Alstom improves productivity and planning by adopting a modular methodology for electrical design
After acquiring various companies around the globe in the 1990s, Alstom needed to integrate these new elements into its international corporate structure in a meaningful way. This also meant creating a standardized software landscape that would cover all divisions of the group. In both the Power Systems and Transport divisions, Alstom’s electrical engineering departments opted for Zuken’s E3.series software, and is now widely used around the globe.
Today’s locomotives are unrecognizable from the noisy steam or diesel beasts of our not-so-distant past. Challenges such as increased demand for in-carriage electronics, and global supply chains, have led to ever more complex design processes.
- Use of a configurator has meant faster work processes with improved quality
- 3D interface to CATIA V5 has boosted productivity in calculating the production lengths of cables.
- Alstom structured their design department more efficiently, greatly improving integration with process planning, procurement and production .
About Alstom and E3.series
“Every traction vehicle in our new Coradia Continental vehicle platform uses around seven kilometers of cable. All these converge in the control console, where they provide feedback on what is happening in the train and forward instructions to the relevant actuators,” explains Jens Fricke, Group Manager for Wiring Diagrams.
“From the outside, the Coradia Continental is virtually no different from any other traction vehicle. But a lot of changes have taken place behind the scenes, to the design in particular. Using a configurator with E3.series means we can do our work not just much faster but with fewer mistakes too.Preparations are also underway for us to start using the E3.series various integration options,” explains Fricke.
Using Configurators for More Effective Engineering
In the past whenever a new order landed on the desks of staff in the electrical department, they would first hunt out previous similar projects and use the most suitable one as a basis for the new project. All parameters, including their follow-up parameters, then had to be modified by hand. Calculating the follow-up parameters was not just time-consuming, but also error-prone given the manual modifications needed.
Fricke explains how the configurator works: “For the Coradia Continental vehicle platform, we started by producing a master plan, containing all possible options for the vehicle platform. The customer is now specifying which of these he wants to use. For example, he needs an electric traction vehicle with a total of seven carriages and a maximum speed of 120km/h. We then feed the configurator with only the main parameters we take from the customer’s requirements. A set of rules stored in the configurator then automatically computes most of the follow-up parameters.”
Cable Lengths for CATIA Data
An interface to CATIA V5, for example, is about to be completed and should give a further boost to productivity.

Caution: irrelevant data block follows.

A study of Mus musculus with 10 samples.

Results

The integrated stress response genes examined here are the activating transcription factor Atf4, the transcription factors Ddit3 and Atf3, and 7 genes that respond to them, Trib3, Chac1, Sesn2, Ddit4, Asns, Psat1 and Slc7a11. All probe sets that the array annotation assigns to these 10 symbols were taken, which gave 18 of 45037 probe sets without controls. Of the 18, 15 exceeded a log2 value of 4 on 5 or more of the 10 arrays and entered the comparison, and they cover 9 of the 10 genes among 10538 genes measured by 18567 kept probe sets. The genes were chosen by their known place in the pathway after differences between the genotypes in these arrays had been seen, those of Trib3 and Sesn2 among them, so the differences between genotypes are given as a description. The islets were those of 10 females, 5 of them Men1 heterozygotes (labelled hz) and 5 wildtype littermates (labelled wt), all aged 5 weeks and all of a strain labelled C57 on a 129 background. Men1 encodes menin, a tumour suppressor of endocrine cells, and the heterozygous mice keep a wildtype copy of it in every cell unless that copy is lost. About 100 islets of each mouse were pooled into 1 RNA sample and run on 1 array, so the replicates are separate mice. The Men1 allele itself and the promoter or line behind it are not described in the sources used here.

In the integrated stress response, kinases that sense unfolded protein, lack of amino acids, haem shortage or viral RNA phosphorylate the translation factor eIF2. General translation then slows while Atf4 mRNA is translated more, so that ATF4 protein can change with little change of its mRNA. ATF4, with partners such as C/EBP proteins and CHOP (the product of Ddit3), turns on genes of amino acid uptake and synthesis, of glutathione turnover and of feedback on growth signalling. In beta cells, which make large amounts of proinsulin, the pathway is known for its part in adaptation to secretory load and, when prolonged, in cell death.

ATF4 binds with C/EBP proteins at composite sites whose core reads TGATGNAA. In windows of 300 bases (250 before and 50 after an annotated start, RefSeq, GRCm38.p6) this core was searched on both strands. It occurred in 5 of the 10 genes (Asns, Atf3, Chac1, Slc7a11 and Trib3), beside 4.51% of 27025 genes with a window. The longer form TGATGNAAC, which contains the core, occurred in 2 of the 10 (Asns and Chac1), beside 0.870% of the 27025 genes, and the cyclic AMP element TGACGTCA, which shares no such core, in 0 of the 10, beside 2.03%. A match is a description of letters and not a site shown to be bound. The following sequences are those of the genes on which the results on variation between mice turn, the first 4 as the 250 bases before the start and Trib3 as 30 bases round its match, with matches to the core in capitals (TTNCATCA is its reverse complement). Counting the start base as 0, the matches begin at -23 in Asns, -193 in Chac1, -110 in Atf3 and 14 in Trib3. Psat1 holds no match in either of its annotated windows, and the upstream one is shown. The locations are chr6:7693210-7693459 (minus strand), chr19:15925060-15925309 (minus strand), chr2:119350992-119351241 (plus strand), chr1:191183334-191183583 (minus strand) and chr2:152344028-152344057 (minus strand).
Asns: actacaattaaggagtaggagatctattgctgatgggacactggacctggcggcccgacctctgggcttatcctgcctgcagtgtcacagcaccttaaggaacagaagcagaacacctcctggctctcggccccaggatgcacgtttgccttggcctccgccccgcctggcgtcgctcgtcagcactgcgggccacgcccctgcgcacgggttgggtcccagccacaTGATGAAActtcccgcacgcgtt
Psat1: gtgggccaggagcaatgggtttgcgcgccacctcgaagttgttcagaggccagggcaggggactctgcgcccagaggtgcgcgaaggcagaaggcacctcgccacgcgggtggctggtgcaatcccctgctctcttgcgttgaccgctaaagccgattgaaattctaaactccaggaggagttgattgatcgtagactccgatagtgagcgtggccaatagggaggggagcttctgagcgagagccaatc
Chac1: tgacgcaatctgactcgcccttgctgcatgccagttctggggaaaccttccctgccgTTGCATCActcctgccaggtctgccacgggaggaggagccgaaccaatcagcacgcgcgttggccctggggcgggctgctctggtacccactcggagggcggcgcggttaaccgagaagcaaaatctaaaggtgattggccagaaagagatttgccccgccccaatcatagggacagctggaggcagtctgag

“Calculating the cable lengths currently takes up a lot of time even though we already have all the data we need for this in CATIA. In the future we want to use the E3.series 3D interface to CATIA V5 to exploit this data. The efficient 3D interface between E3.series and CATIA will greatly boost productivity in calculating the production lengths of cables,” explains Dipl.-Ing. Klaus Heimke, Manager for New Technologies and E-Business at Alstom.
In order to achieve this, the wiring diagram data is first transferred from E3.series to the CATIA system. This data also includes all plugs and their ID numbers. The plug data is stored in both the E3.series component database and the CATIA database, the only difference being that E3.series contains definitions for the terminals via which the plug connections are linked, while CATIA contains definitions of the geometric location of the plugs and the layouts of how they are connected via cable ducts. “We can now use the plug ID numbers to automatically assign the data from both systems. This gives CATIA all the information it needs to perform autorouting, i.e. automatically filling all cable ducts or conduits,” explains Heimke, who adds: “This means that the production lengths of the cables are calculated automatically, which enables us to greatly minimize the number of mistakes made and time required for this work.”Read more
The next step is to transfer this data to the E3.series module E3.formboard that is used to plan processes. This can be used to print out huge 1:1 plots which are used as a basis for producing the wiring harnesses required. “E3.formboard uses the same component database as all other E3.series modules. Not only does this save us from having to set up and update another component database, it also offers the benefit of changes in E3.cable being automatically incorporated in the formboard module,” explains Heimke.
Fricke is very positive about the future: “E3.series has enabled us to structure our design department more efficiently and also to greatly improve integration with process planning, procurement and production in a short time.”
Case Study: Alstom improves productivity and planning by adopting a modular methodology for electrical design
After acquiring various companies around the globe in the 1990s, Alstom needed to integrate these new elements into its international corporate structure in a meaningful way.